Commemorate Differently this Anzac Day
The last time official Anzac Day services were not held was in 1919 due to the Spanish Influenza pandemic. This year we have many ways you and your family can commemorate differently and invoke the spirit of Anzac Day through the stories of Queenslanders in our collections and your participation.
Explore some of our significant First World War resources and collections such as the story of the Constance Mabel Keys, one of the first four Queensland nurses to embark for the First World War; or the digitised collection of Maurice George Delpratt, who was captured in Gallipoli and remained a prisoner of war until armistice, building the Baghdad railway and writing letters home posted by the Red Cross.
Delve into our digitised collections of the Second World War, with Lieutenant Mark Müller’s photographs of Americans in Queensland during the Second World War, and 460 photographs, mostly identified with captions, recording the entire wartime service of 2nd Lieutenant John Thomas Castles of H. Battery, 2nd Battalion, 94th CA (AA), United States Army. Lieutenant Castles’ service took him to Charleville, Townsville, Magnetic Island (Yunbenun) and Thursday Island (Waibene) with over 100 photographs of Horn Island (Ngurupai) in the Torres Strait where Castles was stationed for some time. Or fast forward to 1958 and watch rare footage of an Anzac Day parade on Manus Island, filmed by Ellen Jensen. Ellen and her husband Percy were from Mount Morgan and lived in Papua New Guinea, where Percy was the District Education Officer before serving there during the Second World War.
The Anzac Square Memorial Galleries team has compiled ideas for you and your family to commemorate differently and still mark the occasion with respect. Recite the ode, make a poppy or bake some Anzac biscuits with a recipe from 1921, and see the vintage 1930s Anzac Day covers of The Queenslander pictorial magazine. You can explore the Memorial Galleries online through a carousel of images showcasing the Word War I, World War II and Post World War II galleries.
Browse the photographs in this Anzac Day Flickr Commons album, including images of Australians landing at Anzac Cove on that fateful day, and footage of Anzac Day marches in the 1930s held in Warwick and Brisbane. This album of Picture Postcards of the First World War provides the intersection of two collecting manias, WWI memorabilia and deltiology - postcard collecting. They contribute to Queensland's social and photographic record of the conflict and the messages written on the back provide glimpses of the war on a personal level.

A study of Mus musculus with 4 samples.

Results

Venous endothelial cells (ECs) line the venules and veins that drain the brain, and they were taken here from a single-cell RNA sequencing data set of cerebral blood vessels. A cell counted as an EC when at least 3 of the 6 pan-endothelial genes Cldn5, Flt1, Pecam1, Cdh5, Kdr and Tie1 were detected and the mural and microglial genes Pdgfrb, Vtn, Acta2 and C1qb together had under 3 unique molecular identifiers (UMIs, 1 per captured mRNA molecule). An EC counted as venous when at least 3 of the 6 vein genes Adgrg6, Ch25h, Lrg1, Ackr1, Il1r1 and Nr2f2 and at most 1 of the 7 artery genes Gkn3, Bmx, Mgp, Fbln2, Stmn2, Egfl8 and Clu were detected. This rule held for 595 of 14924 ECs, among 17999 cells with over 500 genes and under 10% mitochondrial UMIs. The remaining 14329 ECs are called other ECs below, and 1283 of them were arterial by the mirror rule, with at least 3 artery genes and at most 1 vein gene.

Did you know at least 1,250 Aboriginal and Torres Strait Islander people enlisted in the First World War, and around 300 of them enlisted in Queensland? Research during the centenary period uncovered many of their stories and this work continues. Join our free Black Diggers webinar on 24 April with Des Crump, Coordinator, Indigenous Languages, as he shares his research and resources of Aboriginal and Torres Strait Islander participation in WW1.
You can also watch a filmed simulcast of the smash hit play written by Tom Wright and directed by Wesley Enoch, Black Diggers, performed by the Queensland Theatre Company in 2014. The performance of perfectly paced interweaving vignettes and narratives reveals the largely untold story of Indigenous service in the First World War.
Watch digital stories created especially for the Q ANZAC 100: Memories for a new generation project, a five year legacy initiative funded by the Queensland Government to commemorate the centenary of the First World War. Watch the digital story recognising 33 nurses from Central Queensland who enlisted and served in Egypt, India, Pakistan, England and theatres across Europe. Discover the key role Queensland played in the origins of Anzac Day, which began with an underlying need to reassure the public that Australian losses had not been in vain despite the failure of the Gallipoli campaign, and has evolved into a day to reflect on the lives and liberties of our servicepeople, and our own.
We have stories in the collection sharing Queensland experiences, past and present. Lorraine Hatton is a Quandamooka woman who served for twenty years in the Australian Army. Lorraine talks about the difficulties in joining the army in the 1980s and her enjoyment being Chair of the Aboriginal and Torres Strait Islander Memorial for Queensland. See army life through the lens of Sergeant Troy Rodgers from Townsville via 141 photographs documenting his experience serving in Afghanistan and East Timor.
Since 2014 we have held an annual Q ANZAC 100 symposium, exploring the impact of the First World War on Queensland life, and recordings of each one are available online. Experts gathered for presentations and panel discussions re-examining our understanding of the Great War, the impact on the homefront and the Anzac legacy. If you’ve wondered what Anzac Day means today, the How we Remember sessions brought together leading thinkers and commentators to discuss what we are choosing to remember and commemorate, and how new generations will identify with these stories.
Many of us feel a connection to Anzac Day as it’s an opportunity to reflect on the sacrifices made by our loved ones. State Library of Queensland’s Find your Soldier resource will help you find names, portraits and other materials of over 30,000 Queensland soldiers.
Though it will not be marked by crowds at dawn services or marches this year, Anzac Day remains our opportunity for personal and collective remembrance of those Queenslanders who have served and died in conflict. Explore the digital legacy of their lives through State Library of Queensland collections.